Tara Slone helps out Sistering, Brigantine Room
Think choose-your-own-pop-star shows are killing the music industry? Fed up with the glorified karaoke of American Idol, et al.? Guess what? So are the contestants.
"I would never do it again in a googolplex million years," cries ex-Joydrop belter and former Rock Star: INXS contender Tara Slone . "I was hopeful and bought their song and dance 100 per cent. I don't regret it, but I still do wonder why I put myself through it after having established myself professionally in a certain way."
As crappy as the peacock-strutting scrutiny of the show may have been, the very Zen Slone can see a silver lining: her name now registers with a generation of kids (and media folks) who've never heard of Joydrop.
Happily, that means Slone can draw attention to things of great personal importance: the release of her solo CD, produced/co-written with Blinker the Star's Jordan Zadorozny , and tonight's (Thursday, June 1) Funny Girls And Dynamic Divas benefit for Sistering at Harbourfront's Brigantine Room .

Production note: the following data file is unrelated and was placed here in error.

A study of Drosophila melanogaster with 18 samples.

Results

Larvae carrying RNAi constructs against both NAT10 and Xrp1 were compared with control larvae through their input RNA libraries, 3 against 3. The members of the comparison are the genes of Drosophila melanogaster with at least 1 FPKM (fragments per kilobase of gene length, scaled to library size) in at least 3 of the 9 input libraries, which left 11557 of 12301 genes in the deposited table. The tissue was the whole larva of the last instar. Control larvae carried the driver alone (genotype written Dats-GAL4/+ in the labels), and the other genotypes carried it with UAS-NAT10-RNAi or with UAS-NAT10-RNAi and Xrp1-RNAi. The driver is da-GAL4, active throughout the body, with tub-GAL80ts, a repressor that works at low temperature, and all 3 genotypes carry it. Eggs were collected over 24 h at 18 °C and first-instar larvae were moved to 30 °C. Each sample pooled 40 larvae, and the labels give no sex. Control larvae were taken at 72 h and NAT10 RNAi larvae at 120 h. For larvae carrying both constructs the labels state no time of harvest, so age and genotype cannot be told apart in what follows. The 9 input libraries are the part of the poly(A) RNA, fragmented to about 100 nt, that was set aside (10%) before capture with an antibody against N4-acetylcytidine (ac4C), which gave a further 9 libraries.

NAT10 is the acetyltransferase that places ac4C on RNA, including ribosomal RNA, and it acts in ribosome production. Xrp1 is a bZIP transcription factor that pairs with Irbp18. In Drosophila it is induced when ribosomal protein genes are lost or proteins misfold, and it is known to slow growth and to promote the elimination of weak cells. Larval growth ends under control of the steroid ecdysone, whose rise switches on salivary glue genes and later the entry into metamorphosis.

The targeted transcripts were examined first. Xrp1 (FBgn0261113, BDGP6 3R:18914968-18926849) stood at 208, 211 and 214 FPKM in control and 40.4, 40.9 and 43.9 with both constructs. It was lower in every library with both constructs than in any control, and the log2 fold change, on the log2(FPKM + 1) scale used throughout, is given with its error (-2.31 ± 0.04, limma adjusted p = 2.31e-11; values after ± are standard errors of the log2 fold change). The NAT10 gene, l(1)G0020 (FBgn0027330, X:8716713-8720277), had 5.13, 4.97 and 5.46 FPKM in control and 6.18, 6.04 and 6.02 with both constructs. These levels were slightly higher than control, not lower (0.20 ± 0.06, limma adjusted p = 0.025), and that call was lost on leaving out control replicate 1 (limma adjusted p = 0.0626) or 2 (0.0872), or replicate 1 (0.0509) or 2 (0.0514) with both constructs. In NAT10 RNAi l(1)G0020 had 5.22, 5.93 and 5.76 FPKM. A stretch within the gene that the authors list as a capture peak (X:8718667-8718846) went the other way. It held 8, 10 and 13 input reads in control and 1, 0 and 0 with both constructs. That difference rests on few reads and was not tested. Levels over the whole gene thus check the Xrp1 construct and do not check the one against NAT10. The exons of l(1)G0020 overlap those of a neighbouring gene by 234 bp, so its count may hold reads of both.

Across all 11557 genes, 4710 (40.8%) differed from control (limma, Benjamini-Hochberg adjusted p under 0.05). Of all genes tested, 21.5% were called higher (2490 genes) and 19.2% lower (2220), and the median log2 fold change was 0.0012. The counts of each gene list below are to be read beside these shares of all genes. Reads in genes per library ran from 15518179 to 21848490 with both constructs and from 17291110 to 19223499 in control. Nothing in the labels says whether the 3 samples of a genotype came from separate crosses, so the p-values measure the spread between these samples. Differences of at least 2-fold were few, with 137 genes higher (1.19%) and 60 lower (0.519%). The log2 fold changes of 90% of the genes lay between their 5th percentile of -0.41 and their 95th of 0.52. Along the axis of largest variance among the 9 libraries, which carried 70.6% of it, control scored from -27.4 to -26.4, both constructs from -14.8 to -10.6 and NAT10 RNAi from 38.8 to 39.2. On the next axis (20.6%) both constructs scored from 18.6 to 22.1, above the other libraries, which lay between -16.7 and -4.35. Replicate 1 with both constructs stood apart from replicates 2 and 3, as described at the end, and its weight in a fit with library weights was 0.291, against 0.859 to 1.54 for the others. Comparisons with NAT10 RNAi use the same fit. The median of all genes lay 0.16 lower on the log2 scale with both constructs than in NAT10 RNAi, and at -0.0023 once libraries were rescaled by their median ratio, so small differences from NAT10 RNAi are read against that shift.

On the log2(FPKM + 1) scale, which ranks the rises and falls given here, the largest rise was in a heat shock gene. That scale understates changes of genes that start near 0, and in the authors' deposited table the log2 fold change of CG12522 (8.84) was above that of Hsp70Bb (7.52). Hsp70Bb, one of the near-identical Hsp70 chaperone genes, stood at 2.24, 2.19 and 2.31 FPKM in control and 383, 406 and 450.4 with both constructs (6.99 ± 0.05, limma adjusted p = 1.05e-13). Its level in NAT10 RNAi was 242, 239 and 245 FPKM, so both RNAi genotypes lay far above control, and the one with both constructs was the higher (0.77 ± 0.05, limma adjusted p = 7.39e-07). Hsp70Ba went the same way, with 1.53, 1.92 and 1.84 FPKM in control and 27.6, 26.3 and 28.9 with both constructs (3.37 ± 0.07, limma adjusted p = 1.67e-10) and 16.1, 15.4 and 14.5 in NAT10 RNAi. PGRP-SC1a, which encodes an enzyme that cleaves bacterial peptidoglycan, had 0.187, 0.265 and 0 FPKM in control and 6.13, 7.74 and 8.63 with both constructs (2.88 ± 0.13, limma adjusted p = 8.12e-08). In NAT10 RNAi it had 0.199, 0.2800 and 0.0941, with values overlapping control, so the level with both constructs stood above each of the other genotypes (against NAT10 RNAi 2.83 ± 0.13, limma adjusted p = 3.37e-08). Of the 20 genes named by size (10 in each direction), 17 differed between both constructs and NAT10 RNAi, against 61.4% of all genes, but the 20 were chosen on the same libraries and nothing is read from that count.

Slone knows better than even her fellow Dynamic Divas what a good cause they're rockin' for: she also volunteers for the organization, which offers support to low-income homeless and underhoused women in T.O.
"My initial motivation to help out was brought on by the amount of free time I have as a musician and the desire to do something positive with that time," she explains. "I believe in what Sistering stands for -- it's available to all women, doesn't ask any questions and provides a safe and sane environment. I've met so many people with really hard lives who still stand tall with dignity."
Tonight's bash also features host Trey Anthony , comics Kate Rigg and Elvira Kurt , musicians Ndidi Onukwulu and Amanda Martinez and other strong women. It's an eclectic femme-centric roster that does justice to Sistering's diversity and mandate.
Beyond the benefit, Slone's hoping that the reality show rumble helps her more than it hinders her.
"I'm aware there may be a stigma attached to the show, but I've made a lot of contacts. And audiences are fickle regardless; you even notice a difference depending on whether or not you've got a song on the radio. No major labels have approached me, but I'm doing it DIY. Maybe I'll even discover the show's made me some new fans."